The Student News Site of Texas A&M University - College Station

The Battalion

The Student News Site of Texas A&M University - College Station

The Battalion


Photo by Courtesy of Michael Miller/The Eagle

Brazos County Alternate Health Authority Dr. Seth Sullivan speaks during a press conference at the Brazos County Health Department building in Bryan on Friday, March 20, 2020.

Among new updates regarding COVID-19, the Brazos County Health District confirmed the county’s first coronavirus-related death at a press conference on Saturday, March 28.
At the conference, Brazos County Alternate Health Authority Dr. Seth Sullivan said the resident was a man in his 80s who was under hospice care at the time of his passing. In addition to the county’s first recorded death, Sullivan confirmed community spread of the coronavirus has spiked.
“As of March 28, there have been nine additional positive cases of COVID-19 reported by the BCHD,” Sullivan said. “This brings our total to number 40. The last time we spoke it was 12, that was on Monday [March 23].”
Of the 40 positive cases in Brazos County, Sullivan said 48 percent are believed to be the product of community spread. Of that number, 52 percent of the cases are travel-related.
To accommodate community concern, Sullivan said he has tasked a multidisciplinary team to examine the trend in cases in Brazos County.
“It is clear that Texas is different from New York, it is different from Italy but there are some generalities that remain the same,” Sullivan said. “We are seeing that this virus has [an] attack rate that you have seen widely disseminated in the media … of between two and three, which means that in general circumstances one person who is affected could impact, infect as many as two or three more.”
The verified models and data the team uses to predict outbreak patterns point to a severe spread of the virus if precautions are not maintained, Sullivan said.
“If this data were allowed to just continue, we could be quickly overwhelmed,” Sullivan said. “Our facilities. Our capacity to care for hospitalized patients. Patients requiring intensive care. Patients requiring ventilators. And by quickly, some of these models show [more community spread] within weeks. That is significant.”
Sullivan said residents can protect themselves by following the CDC mandated guidelines of consistent hand hygiene and avoiding nonessential travel from home.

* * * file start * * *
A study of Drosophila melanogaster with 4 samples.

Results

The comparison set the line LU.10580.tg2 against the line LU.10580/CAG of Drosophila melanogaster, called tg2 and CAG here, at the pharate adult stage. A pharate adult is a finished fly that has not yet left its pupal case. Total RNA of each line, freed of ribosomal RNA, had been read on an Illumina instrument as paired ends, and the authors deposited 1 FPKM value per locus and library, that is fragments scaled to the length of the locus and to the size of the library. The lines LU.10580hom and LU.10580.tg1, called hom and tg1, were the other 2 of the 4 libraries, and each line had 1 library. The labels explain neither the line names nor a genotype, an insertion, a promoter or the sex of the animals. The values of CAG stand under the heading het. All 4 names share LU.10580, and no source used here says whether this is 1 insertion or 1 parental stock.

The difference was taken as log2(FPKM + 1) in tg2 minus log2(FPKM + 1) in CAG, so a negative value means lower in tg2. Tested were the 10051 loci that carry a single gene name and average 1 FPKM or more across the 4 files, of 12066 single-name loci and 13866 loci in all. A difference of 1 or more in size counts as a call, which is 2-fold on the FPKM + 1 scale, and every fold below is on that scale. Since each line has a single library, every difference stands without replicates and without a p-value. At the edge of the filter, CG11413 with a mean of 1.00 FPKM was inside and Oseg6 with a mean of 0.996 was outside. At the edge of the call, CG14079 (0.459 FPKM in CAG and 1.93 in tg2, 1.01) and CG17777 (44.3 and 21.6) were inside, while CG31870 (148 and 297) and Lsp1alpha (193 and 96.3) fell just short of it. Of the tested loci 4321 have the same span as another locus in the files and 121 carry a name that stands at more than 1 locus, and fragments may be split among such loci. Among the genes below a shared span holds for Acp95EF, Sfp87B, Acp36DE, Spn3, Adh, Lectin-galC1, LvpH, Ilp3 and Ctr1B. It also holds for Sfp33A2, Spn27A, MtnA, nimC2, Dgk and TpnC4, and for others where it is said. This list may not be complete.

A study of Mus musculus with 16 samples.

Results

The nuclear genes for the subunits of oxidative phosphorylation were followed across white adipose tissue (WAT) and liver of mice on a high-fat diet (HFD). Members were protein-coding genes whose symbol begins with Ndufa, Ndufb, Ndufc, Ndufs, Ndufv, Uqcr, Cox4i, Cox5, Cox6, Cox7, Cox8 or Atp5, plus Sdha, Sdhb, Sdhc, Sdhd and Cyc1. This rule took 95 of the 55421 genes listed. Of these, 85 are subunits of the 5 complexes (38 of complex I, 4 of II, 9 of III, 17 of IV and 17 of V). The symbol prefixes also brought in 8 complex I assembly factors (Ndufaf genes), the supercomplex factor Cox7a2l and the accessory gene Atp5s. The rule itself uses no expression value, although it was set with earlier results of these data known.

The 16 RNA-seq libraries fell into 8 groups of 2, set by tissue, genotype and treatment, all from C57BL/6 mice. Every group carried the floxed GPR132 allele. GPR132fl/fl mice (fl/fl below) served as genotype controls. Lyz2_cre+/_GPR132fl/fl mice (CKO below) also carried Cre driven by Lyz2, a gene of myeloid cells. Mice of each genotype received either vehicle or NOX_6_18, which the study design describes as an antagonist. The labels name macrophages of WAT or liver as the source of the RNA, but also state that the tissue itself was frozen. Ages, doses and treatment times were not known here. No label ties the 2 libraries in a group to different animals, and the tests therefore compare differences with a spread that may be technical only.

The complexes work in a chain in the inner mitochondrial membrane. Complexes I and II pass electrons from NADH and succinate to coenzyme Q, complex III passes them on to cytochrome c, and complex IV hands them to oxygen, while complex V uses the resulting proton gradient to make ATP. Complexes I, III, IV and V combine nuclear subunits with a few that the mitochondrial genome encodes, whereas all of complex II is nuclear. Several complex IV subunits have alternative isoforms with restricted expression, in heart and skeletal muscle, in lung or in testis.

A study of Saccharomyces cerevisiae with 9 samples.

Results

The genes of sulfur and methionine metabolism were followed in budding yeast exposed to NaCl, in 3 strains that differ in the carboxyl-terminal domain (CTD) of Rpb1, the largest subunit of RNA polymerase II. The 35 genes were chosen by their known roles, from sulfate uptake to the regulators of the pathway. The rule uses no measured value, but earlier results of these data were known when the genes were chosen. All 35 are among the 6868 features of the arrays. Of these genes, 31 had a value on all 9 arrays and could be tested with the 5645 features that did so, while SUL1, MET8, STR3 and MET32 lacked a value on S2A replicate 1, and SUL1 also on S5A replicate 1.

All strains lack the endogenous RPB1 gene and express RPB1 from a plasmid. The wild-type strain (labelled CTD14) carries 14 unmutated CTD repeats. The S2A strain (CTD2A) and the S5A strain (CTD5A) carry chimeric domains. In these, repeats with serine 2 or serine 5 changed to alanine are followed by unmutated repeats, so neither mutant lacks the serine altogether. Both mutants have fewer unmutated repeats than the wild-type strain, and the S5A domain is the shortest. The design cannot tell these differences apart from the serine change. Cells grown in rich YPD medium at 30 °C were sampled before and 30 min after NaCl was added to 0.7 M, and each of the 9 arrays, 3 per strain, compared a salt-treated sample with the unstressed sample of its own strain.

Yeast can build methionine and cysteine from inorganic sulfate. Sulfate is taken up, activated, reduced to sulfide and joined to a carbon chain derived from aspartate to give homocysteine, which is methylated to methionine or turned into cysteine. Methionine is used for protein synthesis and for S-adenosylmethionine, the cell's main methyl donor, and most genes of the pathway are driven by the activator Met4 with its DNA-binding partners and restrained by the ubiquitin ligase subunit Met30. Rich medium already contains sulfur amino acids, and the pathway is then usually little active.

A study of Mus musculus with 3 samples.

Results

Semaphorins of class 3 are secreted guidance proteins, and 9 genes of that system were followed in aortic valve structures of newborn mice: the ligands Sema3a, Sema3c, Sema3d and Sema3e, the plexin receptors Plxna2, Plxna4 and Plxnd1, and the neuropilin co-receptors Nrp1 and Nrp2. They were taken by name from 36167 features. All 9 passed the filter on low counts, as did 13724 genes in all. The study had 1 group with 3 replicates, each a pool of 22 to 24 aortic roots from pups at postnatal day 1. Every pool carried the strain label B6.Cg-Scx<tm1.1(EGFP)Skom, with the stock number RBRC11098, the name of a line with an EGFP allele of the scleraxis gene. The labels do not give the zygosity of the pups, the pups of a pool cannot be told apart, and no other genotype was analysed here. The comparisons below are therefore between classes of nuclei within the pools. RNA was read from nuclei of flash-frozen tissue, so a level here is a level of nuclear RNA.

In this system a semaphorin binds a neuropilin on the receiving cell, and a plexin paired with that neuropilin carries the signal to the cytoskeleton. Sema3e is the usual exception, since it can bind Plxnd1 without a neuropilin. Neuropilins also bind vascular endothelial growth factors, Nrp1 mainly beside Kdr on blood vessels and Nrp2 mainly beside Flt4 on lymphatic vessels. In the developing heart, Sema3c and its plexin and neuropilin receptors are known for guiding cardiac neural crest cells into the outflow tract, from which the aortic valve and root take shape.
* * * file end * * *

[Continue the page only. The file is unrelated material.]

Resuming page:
“These are critical. These work. We know these work,” Sullivan said. “There is not any peer reviewed literature out there that suggests that these things don’t work. We know they work, we just have to do them. We know that the social distancing works. We know that if we can keep individuals spaced from one another that there is a decrease.”
Sullivan said it is imperative residents take these precautions seriously to set an example for the rest of the community.
“We know that there are naysayers and to the naysayers I would say look at this data,” Sullivan said. “I would love to say this doesn’t matter. That would be great, [but] that’s wishful thinking. We need to be realistic here. We need to look at the data in front of us. We need to listen to the experts who do this for a living and are crunching these numbers for us on statistically validated numbers.”
In just 11 days, College Station Mayor Karl Mooney said Brazos County has gone from one confirmed case to 40 cases. While appreciative of those taking precautions, Mooney said College Station law enforcement will take a harder stance on those who do not adhere to social distancing.
“You can expect that we are not simply going to come up and say, ‘This is what the law is now in College Station,’” Mooney said. “We will cite you. There will be a fine. We don’t want to do that, but at the same time all it takes is one infected person to breathe on, to sneeze, to shake someone’s hand, to take some action that passes on this virus to another. And as you know now by the numbers that we’re seeing, the cost is serious.”
Bryan Mayor Andrew Nelson reinforced the calls for better safety measures. While the percentage of life-threatening COVID-19 cases are much lower than mild cases, Nelson said Brazos County hospitals would still not be equipped to handle the workload.
“When we’re looking at models, the Brazos Valley has around 350,000,” Nelson said. “There’s a high percentage of those people that will get infected. There’s a large percentage that won’t even know they’re infected. There’s a percentage of them that will get sick. And then there’s a small percentage of them that will get sick, and need hospital care and who will ultimately need life saving intensive care unit ICU beds, respirators [and] access to medical staff. That number, that smallest of all of these numbers, is the number that we’re looking at when we compare the capacity of our hospitals which have dozens, let’s say of ICU units [and] ventilators, compared to potentially thousands who may need them.”
Nelson said the failure to grant immediate medical care to one infected patient will cause trouble for many more.
“As soon as we’re over that capacity and we’ve overrun our health system, then it’s just a matter of how long is it overrun? How many people die? How many people don’t get the care they need?” Nelson said.